Archive for April, 2011

A passionate cause

Posted on April 20, 2011 by Leave a comment

Suzz Cromwell visited my Film, Video and Society class yesterday at Middlesex Community College to share info on the Lowell Film Collaborative and upcoming Lowell Film Festival, with its Civil War theme.

But she also brought in Rich Garella, producer of the documentary Who Killed Chea Vichea?, which the Lowell Film Collaborative was screening that night at the National Park Visitors Center.

The film is about the assassination of Chea Vichea, who was Cambodia’s most prominent, respected labor leader, and director Bradley Cox’s five-year-effort to unmask the forces behind the murder that sent fear through this country.

Garella shared his experiences as a producer with my students, who were full of questions and clearly fascinated and moved by the clips of the film that he showed. It opened their eyes to another culture and what is happening there. It also elicited their sympathies and made them realize quite vividly what horrors still exist in Cambodia. I had shared some this with them in discussions last week, but this film made it so much more real to them.

Kudos to Garella and Cox for their efforts, which will be shown across the country on PBS stations in May. And thanks to Suzz and Brett Cromwell for their efforts to bring such films to audiences here, at no cost to viewers.

The Lowell Film Collaborative is another institution that adds luster to the city’s shine.

Greenlaw chats

Posted on April 20, 2011 by Leave a comment

I can’t wait to hear what Linda Greenlaw has to say when she visits the Pollard Memorial Library next Thursday – that’s the 28th – to share her life story at the annual benefit for library programs hosted by the library’s friends and foundation.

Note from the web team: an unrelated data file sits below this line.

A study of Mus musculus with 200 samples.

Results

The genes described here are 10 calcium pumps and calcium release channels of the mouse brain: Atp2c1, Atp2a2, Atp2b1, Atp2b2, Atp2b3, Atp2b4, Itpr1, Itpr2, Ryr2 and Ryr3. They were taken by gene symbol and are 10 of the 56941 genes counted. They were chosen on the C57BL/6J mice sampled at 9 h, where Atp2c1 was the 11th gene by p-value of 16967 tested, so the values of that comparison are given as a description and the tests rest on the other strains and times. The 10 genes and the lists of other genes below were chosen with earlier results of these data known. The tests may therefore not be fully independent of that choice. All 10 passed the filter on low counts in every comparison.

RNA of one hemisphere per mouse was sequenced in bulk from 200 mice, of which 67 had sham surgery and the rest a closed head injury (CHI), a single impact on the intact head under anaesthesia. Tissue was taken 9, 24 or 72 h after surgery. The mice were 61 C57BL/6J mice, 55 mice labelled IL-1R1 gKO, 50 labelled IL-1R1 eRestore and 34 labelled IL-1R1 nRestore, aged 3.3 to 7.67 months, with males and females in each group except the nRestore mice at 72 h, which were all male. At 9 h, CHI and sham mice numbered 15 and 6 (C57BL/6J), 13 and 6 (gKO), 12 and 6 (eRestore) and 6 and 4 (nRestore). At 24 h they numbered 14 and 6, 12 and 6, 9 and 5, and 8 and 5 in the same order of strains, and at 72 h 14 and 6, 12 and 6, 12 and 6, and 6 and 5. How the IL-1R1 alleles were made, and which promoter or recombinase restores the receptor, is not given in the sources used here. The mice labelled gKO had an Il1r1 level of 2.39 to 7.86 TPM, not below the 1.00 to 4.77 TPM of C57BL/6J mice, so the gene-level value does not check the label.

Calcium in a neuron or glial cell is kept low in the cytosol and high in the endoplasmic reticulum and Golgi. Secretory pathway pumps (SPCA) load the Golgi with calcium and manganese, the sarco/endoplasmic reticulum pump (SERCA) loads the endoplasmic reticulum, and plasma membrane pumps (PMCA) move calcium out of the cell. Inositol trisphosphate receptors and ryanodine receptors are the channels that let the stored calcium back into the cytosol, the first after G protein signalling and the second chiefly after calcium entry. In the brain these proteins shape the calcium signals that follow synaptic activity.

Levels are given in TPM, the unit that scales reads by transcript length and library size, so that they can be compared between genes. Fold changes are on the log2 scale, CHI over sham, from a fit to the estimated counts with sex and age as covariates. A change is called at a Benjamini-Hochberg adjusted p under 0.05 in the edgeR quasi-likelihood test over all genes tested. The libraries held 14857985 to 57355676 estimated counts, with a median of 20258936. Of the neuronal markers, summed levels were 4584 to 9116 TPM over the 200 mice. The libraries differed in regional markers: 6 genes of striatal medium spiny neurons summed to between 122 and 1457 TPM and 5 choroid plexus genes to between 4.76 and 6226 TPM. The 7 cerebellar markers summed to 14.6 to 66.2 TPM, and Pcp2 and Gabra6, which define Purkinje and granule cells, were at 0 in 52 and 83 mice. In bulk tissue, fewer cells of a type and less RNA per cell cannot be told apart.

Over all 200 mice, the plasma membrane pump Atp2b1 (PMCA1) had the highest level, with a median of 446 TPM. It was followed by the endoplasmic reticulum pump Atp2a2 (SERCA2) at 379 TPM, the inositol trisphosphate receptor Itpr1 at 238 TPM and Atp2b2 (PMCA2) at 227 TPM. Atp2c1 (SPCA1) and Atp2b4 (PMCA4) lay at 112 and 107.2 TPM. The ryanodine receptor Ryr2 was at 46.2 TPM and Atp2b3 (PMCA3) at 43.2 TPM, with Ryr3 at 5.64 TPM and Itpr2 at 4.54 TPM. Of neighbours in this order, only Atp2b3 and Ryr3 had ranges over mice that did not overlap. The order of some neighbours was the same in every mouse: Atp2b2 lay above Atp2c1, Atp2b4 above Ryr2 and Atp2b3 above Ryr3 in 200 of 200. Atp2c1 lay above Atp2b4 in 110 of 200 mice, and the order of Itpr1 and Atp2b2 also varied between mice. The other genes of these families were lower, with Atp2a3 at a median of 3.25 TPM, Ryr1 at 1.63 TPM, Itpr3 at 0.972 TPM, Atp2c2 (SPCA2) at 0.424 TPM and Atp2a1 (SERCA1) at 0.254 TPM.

Chatting with Greenlaw a couple of weeks ago, for a story running on the cover of The Sun’s Steppin’ Out tomorrow – that’s the 21st – was a dream come true for me.

My husband and I are big Greenlaw fans and have all her books on our shelves. We were first introduced to her, as was the rest of the world, in Sebastian Junger’s The Perfect Storm, which sheds light on the infamous 1991 maelstrom along the East Coast that took the lives of all on board the Andrea Gale, sister ship to the Hannah Boden, which Greenlaw skippered.

What’s amazing about her is that she stands no taller than 5-foot 2-inches, yet has gained fame and fortune as the only female swordboat skipper in the U.S.

But thanks to Junger’s praise on that account – he called her “the best captain on the East Coast, period” in his book – Greenlaw was tapped by publishers to tell her story. Eleven years later, she’s become an acclaimed writer and publishing success story with numerous books under her belt and more on the way. That’s all the better for us, her fans.

I particularly like The Lobster Chronicles,  which details her return to Isle au Haut, the family’s Maine island home, and her foray into lobstering after years on the high seas. Like Greenlaw, it’s witty, feisty and a bit salty. She’s also done a fine job on the cookbook Recipes from a Very Small Island, which she co-authored with her equally feisty mom, Martha, a noteworthy cook.

She promises that her talk will be light-hearted and casual, and she’s eager to answer questions. So bring them on.

I’ll be there, six books in hand for her to sign. It’s $40 at the door and includes a reception. It all starts at 6 p.m.

Check out my story in tomorrow’s Sun on the cover of Steppin’ Out for more on Linda Greenlaw.